Warning: This is an uninspiring message.

Wait! Before you stop reading, please hear me out.

I’ll be honest. If someone were to approach me and ask, “Do you feel proud and grateful to be a Jew?” I would answer an immediate “Yes.”

“Do you strive to connect to G‑d and your Jewish heritage through Torah study and mitzvot?”

“Yes,” again.

“Do you find each mitzvah inspiring and fulfilling?”

Here is where my answer changes to “Sometimes.”

Let me explain:

If souls could be categorized by type, I’d classify myself in the “Spiritual/ Emotional” category. I can feel my soul’s power turning on Prayer, song, meditation, a Chassidic farbrengen, a heart-to-heart talk with someone in need ... I am there. Fully. In these moments, I can feel my soul’s power turning on, radiating energy waves to every limb in my body. I feel alive, inspired, charged.

But there are other mitzvot that don’t have that same effect on me. They don’t necessarily trigger my spiritual/emotional antennae.

And that is how I learned the difference between spirituality and Judaism. So often, we mistake them for being one in the same. But there is a subtle yet profound distinction.

Simply put, spirituality feels spiritual. Obvious, you say, but let’s think about it for a minute. Spirituality has no defined boundaries or parameters; it can be anything beyond the physical and material. As such, we seek out a spiritual path beyond our earthly existence that leaves us feeling uplifted, inspired, motivated, at peace, connected to a deeper place within ourselves.

Make no mistake about it: Judaism should feel like all those descriptions. It should feel uplifting. It should feel inspiring, motivating, and peaceful. It should be a way of connecting to a deeper place within ourselves. We say in the V’zot HaTorah prayer sung in shul each Shabbat upon the lifting of the Torah, D’racheha darchei noam v’chol n’tivoteha shalom, “The ways of Torah are pleasant, and its ways are that of shalom, peace.”

But it doesn’t end there. Because Judaism is not just a path of spirituality; it is so much more. It is a relationship. An eternal, unbreakable and essential bond that we, finite human beings, share with Our Creator.

We all know that relationships don’t always feel like peaches and cream. Sometimes, we don’t feel inspired. We don’t see how doing or not doing X, Y or Z for the other in our relationship will make a difference. But that is exactly when the relationship reaches a pivotal point, a defining moment. That is when we do it just for the other—simply because that is what they have asked of us. Because it makes a difference to them. We show up. We do what we have to do (or don’t do what it is we’re asked not to).

Sounds uninspiring? Perhaps.

But is it a commitment to a relationship? You bet!

The beauty that is unique to a real, committed and loyal relationship has just emerged. You’re officially connected, authentically connected.

You are in a real relationship. And that is priceless.

Truly successful people do not measure their success by how much money they make or what kind of car they drive. Truly successful people recognize the loved ones in their lives with whom they share authentic relationships as the litmus test of their accomplishments. And that is why in our old age (G‑d willing, may we all live to a ripe old age), all that matters are loving family and friends who surround us. Real relationships have no price tag.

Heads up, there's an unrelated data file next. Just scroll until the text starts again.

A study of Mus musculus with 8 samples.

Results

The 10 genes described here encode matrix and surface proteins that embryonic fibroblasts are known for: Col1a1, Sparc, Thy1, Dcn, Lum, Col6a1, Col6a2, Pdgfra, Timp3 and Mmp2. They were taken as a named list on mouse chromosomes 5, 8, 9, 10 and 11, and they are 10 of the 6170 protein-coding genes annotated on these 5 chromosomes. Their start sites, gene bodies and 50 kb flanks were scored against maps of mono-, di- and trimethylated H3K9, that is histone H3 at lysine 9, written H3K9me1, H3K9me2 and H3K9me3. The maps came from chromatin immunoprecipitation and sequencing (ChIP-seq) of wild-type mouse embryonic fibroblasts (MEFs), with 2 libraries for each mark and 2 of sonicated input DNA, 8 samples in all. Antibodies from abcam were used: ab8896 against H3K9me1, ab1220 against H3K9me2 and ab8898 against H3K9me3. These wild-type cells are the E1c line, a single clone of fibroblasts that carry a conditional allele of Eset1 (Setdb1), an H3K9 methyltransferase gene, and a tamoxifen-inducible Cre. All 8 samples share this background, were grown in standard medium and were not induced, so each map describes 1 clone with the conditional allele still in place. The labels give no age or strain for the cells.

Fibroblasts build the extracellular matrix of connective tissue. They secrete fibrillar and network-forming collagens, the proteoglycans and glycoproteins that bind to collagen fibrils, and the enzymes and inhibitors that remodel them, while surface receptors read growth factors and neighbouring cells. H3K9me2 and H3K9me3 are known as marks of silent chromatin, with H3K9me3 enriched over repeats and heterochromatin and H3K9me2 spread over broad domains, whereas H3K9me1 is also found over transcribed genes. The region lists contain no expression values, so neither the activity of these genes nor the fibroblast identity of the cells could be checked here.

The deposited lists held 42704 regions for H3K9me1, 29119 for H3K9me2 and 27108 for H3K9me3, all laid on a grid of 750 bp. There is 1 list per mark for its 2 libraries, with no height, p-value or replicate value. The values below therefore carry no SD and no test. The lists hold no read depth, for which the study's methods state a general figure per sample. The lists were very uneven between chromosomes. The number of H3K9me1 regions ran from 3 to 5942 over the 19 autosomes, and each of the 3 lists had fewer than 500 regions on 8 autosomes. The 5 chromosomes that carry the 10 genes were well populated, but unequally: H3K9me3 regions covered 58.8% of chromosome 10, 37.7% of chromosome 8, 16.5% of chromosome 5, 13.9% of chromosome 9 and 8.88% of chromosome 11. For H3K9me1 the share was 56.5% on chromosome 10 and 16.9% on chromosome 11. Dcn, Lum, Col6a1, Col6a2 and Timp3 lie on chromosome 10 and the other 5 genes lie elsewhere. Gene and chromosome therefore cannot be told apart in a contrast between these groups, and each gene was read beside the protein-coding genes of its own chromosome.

Is it hard work? Of course! It’s kind of uninspiring to be uninspired. But the results, the connection born from putting aside one’s own feelings for the other ... ahh! That is priceless indeed.

My friend recently recounted a conversation she had with her father as a child that left an indelible impression on her. Her mother wasn’t feeling well one day and decided that it must be from the mold created by the very large pile of autumn leaves decomposing on their lawn. Though the doctor didn’t see this as a plausible cause, her mother felt that these leaves were the culprit.

Without missing a beat, my friend’s father asked herHe was the last person you would see doing yardwork to join him in getting rid of the leaves. Her father was a distinguished rabbi with an extremely demanding schedule; he was the last person you would usually see doing yardwork. But he raked away every last leaf, not even wanting to hire someone to do the job.

My friend turned to him as they raked and asked, “This is a huge job. Why are we doing this? Do you really think this will even make a difference in the way Mom feels?”

Her father’s words have stayed with her to this day: “That is not the point, sweetheart. All that matters is that this is what Mom needs from us now.”


Let’s keep on doing and increasing those mitzvot that come naturally to us, that feel spiritually uplifting from the get-go. Judaism should feel beautiful, joyful, spiritual. Each mitzvah is so precious and forges an authentic connection with G‑d.

Let’s also take a few minutes to think about those other mitzvot. We all have them. Those mitzvot that feel uninspiring to us or perhaps too daunting to even take a first baby step towards. Perhaps it’s praying at a time when you’re just not feeling it. Or discussing with the rabbi how to designate an hour or two to shut off all gadgets and electronics, driving, and working, to observe Shabbat with family and friends. Maybe it’s a discussion about how to take the first steps in keeping a kosher kitchen.

No, it may not feel as inspiring or spiritually fulfilling (at first) as the mitzvah of visiting the sick or attending a Shabbat synagogue service. But there’s a powerful energy that lies precisely there. Here is where you get to turn to G‑d and say, “This one G‑d, is just for You!”